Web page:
Anastasia María Benavente offended Pope Francis, the Rosary, and Catholicism. Justices said case should proceed. Meanwhile, the offending video remains online.
by Massimo Introvigne
The question of the limits of freedom of expression and its interaction with religious liberty is one Bitter Winter has long been interested in. One question is beyond what limits provocative anti-religious artistic expressions may be censored as hate crimes and gratuitous offenses against the believers. While religionists have promoted censorship of such works, they have also been at the receiving end of censorship interventions when artworks of the past have been removed from museums or not allowed on Facebook for not being “politically correct” or offending women through depictions of nudity.
All this shows how much these cases are complicated. The distinction adopted by certain authors and courts between “philosophical blasphemy,” which has a redeeming value as articulate anti-religious criticism, and “gratuitous blasphemy,” whose aim is only to offend the believers, may be clear in theory but is never easy to apply in practice.
One case decided on October 13, 2021 by the Supreme Court of Chile confirms that applying existing laws on religious liberty and hate crimes is difficult. The case concerned Anastasia María Benavente, a transsexual performer who violently attacked Pope Francis and the Catholic Church in a performance during the TV show “La Gansa” on Chilean network “La Red” on August 21, 2021.
Benavente, whose show is still available as an Instagram video, appeared surrounded by a scantily dressed man who played the submissive role in a sado-masochistic act. Benavente stated that “the performance is devoted to the Pope and the members of the Parliament [of Chile].” She sang a song where she addressed Pope Francis with these words: “I defecate on your holiness, and on your authority as well. I defecate on your Papal zucchetto. You should burn, burn, burn!”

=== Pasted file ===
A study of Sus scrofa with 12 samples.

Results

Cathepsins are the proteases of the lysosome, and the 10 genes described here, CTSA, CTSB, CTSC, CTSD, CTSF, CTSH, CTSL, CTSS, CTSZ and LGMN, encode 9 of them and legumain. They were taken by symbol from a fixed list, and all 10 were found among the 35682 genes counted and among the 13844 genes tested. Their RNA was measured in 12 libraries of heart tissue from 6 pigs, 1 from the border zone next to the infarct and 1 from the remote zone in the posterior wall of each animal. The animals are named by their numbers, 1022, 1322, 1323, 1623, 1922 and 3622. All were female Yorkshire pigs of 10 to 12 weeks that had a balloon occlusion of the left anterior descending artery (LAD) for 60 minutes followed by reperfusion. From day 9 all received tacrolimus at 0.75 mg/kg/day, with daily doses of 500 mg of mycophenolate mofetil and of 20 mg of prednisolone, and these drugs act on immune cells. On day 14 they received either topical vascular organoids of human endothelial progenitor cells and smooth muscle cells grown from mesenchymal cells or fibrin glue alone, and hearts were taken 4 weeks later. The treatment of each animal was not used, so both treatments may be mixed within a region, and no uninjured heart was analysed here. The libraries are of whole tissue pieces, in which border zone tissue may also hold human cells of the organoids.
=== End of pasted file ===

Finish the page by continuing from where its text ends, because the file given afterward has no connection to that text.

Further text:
Then, Benavente continued to dance, and the man ostensibly took out a rosary, i.e. a string of beads used by Catholics to pray the Virgin Mary, from the performer’s anus with his mouth. Benavente explained on her Instagram account that “there were no special effects, the Rosary really came out of me, meaning I defecated on it and on all this religion of hate against the LGBTTIQA+ stands for.”
What was this, exactly? From the point of view of Benavente, it was an artistic performance to support LGBT rights and denounce what she perceives as Catholic transphobia. For Catholics, it was hate speech, gratuitous offense, and violation of their religious liberty.
Complicating the issue is that Benavente is also a scholar. The performer holds degrees in Literature and Linguistics from University of Chile, and was originally allowed to teach at Universidad del Desarrollo, a prestigious elite private university in Santiago de Chile, only by using her name as a man. When she won the legal right to use her female name, the university reduced the several courses she was teaching to one, and was sued for discrimination.
But does the fact that Benavente is a scholar, and the performance was politically motivated, raise it from “gratuitous blasphemy” to “philosophical blasphemy”? Yes, answered on September 20, 2021, the Court of Appeal of Santiago, which did not find in the performance elements violating the religious liberty of the two Catholic citizens who had asked the court to order Benavente to remove the video of the show from social networks.
No, answered—in my personal opinion, correctly, as such performances have an offensive scope in themselves, quite apart from the scholarly credentials of the performers—on October 13, 2021, the Supreme Court. The Justices found a likely violation of the constitutional rights of the Catholic complainants, and remanded the case to the lower judges for further examination. Meanwhile, the performance’s video remains on Instagram.